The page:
Shell Cracker to Pay $10M for Violating Environmental Standards

MONACA, Pa. – Shell Chemicals Appalachia LLC has agreed to pay nearly $10 million to the Pennsylvania Department of Environmental Protection and the local communities impacted by the company’s sprawling petrochemical complex along the Ohio River.

Gov. Josh Shapiro said Wednesday that his administration and the Pennsylvania DEP have entered into a consent order and agreement with Shell that stipulates the company pay a civil penalty of $4,935,023 to the DEP for exceeding total air emissions standards. 

Twenty-five percent of the civil penalty would be directed to help communities in Potter and Center townships in Beaver County, the governor’s office said.

Shell will spend another $5 million on environmental projects to benefit those communities, according to Shapiro’s office. In all, $6.2 million will be spent on projects benefiting communities near the Shell plant.

“Pennsylvanians have a constitutional right to clean air and pure water, and my administration will hold all companies – no matter how big or small – accountable when they violate the laws and regulations protecting our air and water,” Shapiro said. “Shell recognizes that as a company, it must do better, and this $6.2 million commitment to the people of western Pennsylvania is a down payment on that progress.”

Under the consent agreement, Shell formally acknowledges that its petrochemical plant exceeded total emissions limitations for air contaminants and has agreed to make repairs to reduce future excessive emissions, the governor’s office said.

Shell suspended ethylene and polyethylene production at the plant on March 25 to make upgrades and repairs to the massive plant. Production is expected to resume today.

Shell has agreed to pay additional monthly civil penalties for the rest of 2023 should it exceed air quality limits in the future.

The agreement resolves any current air quality violations associated with the ethane “cracker” plant.

“Shell is committed to complying with all county, state and federal regulations,” Shell spokesman Curtis Thomas said in a statement. “We have worked in conjunction with the PaDEP to fix plant issues that led to prior violations.”

Thomas said the petrochemicals plant has made “significant improvements” and is resuming production.

“We’ve learned from previous issues and pledge to be the safe environmental steward, good neighbor, and business partner this region wants and deserves,” he said.

“We know that Shell can operate a state-of-the-art facility that helps grow our economy without harming the environment, and we are going to hold them to the requirements laid out in their permits,” said Rich Negrin, acting secretary of the DEP.  “We are going to make sure that they are good neighbors to this community, and we will be hearing from and working closely with the residents of Beaver County to make sure this $5 million is an investment into the community and the people that live there.”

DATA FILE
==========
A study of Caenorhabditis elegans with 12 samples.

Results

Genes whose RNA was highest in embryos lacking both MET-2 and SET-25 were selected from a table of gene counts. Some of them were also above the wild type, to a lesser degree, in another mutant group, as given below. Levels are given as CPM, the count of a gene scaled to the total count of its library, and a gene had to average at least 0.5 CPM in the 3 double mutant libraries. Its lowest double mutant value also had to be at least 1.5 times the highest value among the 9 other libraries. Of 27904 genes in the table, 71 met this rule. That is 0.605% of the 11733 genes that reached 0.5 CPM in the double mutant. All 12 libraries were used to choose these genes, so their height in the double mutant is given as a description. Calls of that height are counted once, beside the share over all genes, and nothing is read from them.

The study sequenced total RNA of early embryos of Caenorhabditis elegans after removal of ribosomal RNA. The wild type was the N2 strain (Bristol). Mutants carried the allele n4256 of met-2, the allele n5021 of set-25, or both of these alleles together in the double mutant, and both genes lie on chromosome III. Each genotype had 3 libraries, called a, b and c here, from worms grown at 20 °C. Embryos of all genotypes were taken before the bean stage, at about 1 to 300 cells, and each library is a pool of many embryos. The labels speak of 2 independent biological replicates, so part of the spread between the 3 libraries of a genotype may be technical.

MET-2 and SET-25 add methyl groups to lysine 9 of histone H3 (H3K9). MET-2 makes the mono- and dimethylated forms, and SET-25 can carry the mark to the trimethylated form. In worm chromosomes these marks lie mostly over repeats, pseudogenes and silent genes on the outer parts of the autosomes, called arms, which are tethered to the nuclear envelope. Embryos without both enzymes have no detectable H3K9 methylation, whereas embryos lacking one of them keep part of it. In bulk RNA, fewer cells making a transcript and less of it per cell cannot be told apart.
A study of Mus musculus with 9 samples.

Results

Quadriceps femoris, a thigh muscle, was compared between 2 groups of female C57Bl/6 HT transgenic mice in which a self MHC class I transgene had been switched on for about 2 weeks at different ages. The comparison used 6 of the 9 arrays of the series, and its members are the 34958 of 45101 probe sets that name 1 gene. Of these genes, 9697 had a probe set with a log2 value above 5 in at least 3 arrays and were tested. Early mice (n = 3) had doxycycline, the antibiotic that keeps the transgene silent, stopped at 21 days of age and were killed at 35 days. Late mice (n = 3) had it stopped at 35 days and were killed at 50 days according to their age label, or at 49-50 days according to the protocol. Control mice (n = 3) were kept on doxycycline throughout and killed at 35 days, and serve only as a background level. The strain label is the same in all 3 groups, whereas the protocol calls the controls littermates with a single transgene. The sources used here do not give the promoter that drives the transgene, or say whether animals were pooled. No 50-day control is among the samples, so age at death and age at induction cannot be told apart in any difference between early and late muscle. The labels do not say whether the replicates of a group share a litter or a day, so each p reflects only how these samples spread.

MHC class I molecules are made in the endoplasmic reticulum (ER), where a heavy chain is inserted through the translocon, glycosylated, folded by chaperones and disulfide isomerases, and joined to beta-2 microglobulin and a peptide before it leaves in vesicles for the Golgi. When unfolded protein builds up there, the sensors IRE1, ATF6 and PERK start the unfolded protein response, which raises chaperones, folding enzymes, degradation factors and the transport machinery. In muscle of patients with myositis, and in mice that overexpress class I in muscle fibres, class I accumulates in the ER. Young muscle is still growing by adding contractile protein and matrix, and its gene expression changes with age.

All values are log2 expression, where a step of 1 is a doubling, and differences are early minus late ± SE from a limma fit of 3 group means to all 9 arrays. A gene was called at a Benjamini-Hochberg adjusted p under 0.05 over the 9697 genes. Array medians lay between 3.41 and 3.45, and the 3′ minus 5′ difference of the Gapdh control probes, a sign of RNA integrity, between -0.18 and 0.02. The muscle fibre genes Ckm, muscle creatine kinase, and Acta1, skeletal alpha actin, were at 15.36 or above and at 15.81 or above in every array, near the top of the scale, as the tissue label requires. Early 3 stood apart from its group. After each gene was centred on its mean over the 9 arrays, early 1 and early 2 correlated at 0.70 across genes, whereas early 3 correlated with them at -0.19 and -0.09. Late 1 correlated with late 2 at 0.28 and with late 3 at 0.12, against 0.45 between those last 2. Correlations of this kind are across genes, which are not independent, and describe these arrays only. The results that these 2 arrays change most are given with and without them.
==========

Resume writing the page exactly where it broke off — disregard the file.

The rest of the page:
Shell exceeded its rolling 12-month total emission limitations for volatile organic compounds beginning in October 2022 through April 2023, carbon monoxide from February through March 2023, nitrogen oxides from December 2022 through April 2023, and hazardous air pollutants from December 2022 through April 2023.

Shell attributed some of these emissions to malfunctions and anticipates it will exceed its 12-month total emission limitations during the commissioning phase into autumn 2023, but not during normal operations, the governor’s office said.

In addition to emission limit violations, DEP cited Shell for flaring violations from June 2022 through April 2023, malodor violations from its wastewater treatment plant in January, February and April 2023, and other violations from July 2022 through April 2023.

The agreement requires Shell to obtain approvals to repair its totally enclosed ground flares, get an engineering evaluation on the efficacy of pollution controls, and obtain approvals to install any additional controls. Shell will also continue to report emissions from the facility on a monthly basis.

The plant uses ethane from a vast shale gas reservoir underneath Pennsylvania and surrounding states to make polyethylene, a plastic used in everything from consumer and food packaging to tires. At full capacity, the plant is expected to produce 3.5 billion pounds (1.6 billion kilograms) of polyethylene annually. Shell had projected to spend $6 billion on the refinery, which took years to build.

Environmental advocacy groups had fought the plant and predicted that it would generate more plastic pollution, as well as compounds that form smog and planet-warming greenhouse gases. The Clean Air Council filed suit against Shell earlier this month.

Environmentalists likened the penalty announced Wednesday to a parking ticket that would have little impact on Shell’s bottom line.

“The overwhelming and toxic pollution residents have been exposed to has already harmed this community — there is no price tag that will allow for this to be acceptable,” said Andie Grey, who lives 3 miles (4.8 kilometers) from the Shell plant and is part of the Eyes on Shell watchdog group.

Grey said “there is ample evidence Shell has no desire to protect this community.”

Shell CEO Wael Sawan had cast the problems as expected “technical niggles.”

The plant’s startup phase has “been slower than we would have hoped for,” Sawan said on a conference call with analysts earlier this month. “But the team is dong a great job battling with some of the obvious technical niggles that startups typically have.”

The Associated Press contributed to this story.

Pictured at top: The Shell ethane “cracker” plant sits on 800 acres along the Ohio River.

Copyright 2024 The Business Journal, Youngstown, Ohio.